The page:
The Government has said it is “deeply ashamed” for “failing” rape victims over years of decreasing conviction levels.
Justice Secretary Robert Buckland QC and Home Secretary Priti Patel said “victims of rape are being failed” and that the Government intends to “to right this wrong.”
- There are an estimated 128,000 victims of rape and attempted rape a year, but only 1.6 per cent of reported cases results in a charge
- The latest CPS figures for 2019-20 show 1,439 suspects were convicted of rape or lesser offences in England and Wales last year – the lowest level since records began
- The review said: “The current situation is totally unacceptable and the Government is determined to change it: we owe this to every victim and are extremely sorry that the system has reached this point”
- Measures for the future include a pilot scheme aimed at reducing cross-examination of victims in court by conducting pre-recorded interviews
- Campaigners welcomed the action plan and the apology
What’s been said
Summarising the report’s findings, Justice Secretary Robert Buckland QC, Home Secretary Priti Patel and Attorney General Michael Ellis QC wrote: “These are trends of which we are deeply ashamed. Victims of rape are being failed.
“Thousands of victims have gone without justice. But this isn’t just about numbers – every instance involves a real person who has suffered a truly terrible crime.
“Our mission, set out in this publication, is to understand why we are letting down rape victims, and to right this wrong.”
Dame Vera Baird QC, the victims’ commissioner, was among those to claim the review “presents some missed opportunities”.
Katie Russell, national spokesperson for Rape Crisis England and Wales, told the PA news agency: “Whether what has been announced today will be enough remains to be seen.
“But we sincerely hope it will lead to change and we are fully invested in it being a success – it has to be a success for the benefit of victims and survivors who are currently being failed, and victims and survivors of the future.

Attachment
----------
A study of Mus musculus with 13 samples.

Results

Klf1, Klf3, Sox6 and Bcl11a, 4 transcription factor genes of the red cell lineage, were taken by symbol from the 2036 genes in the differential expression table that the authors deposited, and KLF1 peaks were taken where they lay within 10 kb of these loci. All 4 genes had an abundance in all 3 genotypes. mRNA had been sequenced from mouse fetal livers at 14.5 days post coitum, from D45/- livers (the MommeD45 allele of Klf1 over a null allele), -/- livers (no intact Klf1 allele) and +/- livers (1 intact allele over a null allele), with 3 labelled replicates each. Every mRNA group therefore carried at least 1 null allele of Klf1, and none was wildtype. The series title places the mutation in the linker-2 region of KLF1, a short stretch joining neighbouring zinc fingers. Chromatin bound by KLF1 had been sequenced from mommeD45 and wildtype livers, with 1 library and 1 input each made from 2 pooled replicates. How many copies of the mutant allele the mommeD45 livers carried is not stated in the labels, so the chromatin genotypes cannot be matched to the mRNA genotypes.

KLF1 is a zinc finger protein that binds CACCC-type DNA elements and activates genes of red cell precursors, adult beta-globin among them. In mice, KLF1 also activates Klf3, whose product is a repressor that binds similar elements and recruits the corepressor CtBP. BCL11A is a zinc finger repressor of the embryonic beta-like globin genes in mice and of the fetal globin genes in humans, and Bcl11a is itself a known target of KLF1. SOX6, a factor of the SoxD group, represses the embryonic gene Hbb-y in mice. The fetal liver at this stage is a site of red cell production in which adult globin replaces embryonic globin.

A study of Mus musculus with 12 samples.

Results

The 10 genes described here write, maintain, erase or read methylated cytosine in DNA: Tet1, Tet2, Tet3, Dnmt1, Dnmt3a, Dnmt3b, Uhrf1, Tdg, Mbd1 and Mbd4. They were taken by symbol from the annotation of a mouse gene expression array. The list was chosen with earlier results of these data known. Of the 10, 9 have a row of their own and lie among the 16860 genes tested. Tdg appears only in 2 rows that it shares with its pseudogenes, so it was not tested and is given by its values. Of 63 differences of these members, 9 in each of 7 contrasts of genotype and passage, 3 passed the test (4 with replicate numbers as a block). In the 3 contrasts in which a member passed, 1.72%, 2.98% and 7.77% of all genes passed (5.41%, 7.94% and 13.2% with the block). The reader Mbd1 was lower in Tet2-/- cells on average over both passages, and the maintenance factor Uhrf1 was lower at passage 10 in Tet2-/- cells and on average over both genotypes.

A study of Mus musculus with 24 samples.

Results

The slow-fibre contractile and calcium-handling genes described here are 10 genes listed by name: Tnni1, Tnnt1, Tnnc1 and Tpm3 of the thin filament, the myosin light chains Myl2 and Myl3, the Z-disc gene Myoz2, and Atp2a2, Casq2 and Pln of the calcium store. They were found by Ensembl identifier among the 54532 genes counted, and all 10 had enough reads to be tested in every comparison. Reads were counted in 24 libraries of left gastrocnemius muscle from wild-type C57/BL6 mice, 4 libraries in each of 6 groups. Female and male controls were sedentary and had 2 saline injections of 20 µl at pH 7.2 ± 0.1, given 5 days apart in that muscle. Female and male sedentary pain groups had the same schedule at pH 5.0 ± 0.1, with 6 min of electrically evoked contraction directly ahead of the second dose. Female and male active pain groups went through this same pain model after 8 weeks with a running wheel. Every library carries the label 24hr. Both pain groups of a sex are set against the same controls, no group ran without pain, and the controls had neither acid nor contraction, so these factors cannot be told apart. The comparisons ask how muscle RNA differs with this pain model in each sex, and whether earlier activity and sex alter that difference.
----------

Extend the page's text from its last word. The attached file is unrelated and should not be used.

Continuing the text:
“Those improvements are long overdue – this is a genuine crisis.”
Andrea Simon, director of the End Violence Against Women Coalition, said: “To rebuild the public confidence that has been so deeply damaged by the collapse in rape prosecutions, we urgently need to start seeing improvements, and investments in levelling up across the whole justice system.”
The latest CPS figures for 2019-20 show 1,439 suspects were convicted of rape or lesser offences in England and Wales last year – the lowest level since records began. This is down from 1,925 the previous year, despite reports of adult rape to police almost doubling since 2015-16.
Figures show that in 2015-16 a total of 6,855 rape cases were referred to the CPS by police, with 4,643 rape prosecutions.
Around 13 per cent of reported rape cases in 2015-16 ended in a suspect being charged, dropping to just 3 per cent in 2019-20.
The review said it found no one specific cause for the overall drop in prosecutions.
The Government said it would now develop “scorecards” to assess how the system is performing against metrics such as timeliness, quality of cases and victim engagement.
The review said alleged victims may still be asked to hand over their mobile telephones, but that any digital material is “strictly limited to what is necessary and proportionate” for investigators, and that complainants should routinely have their device returned to them within 24 hours.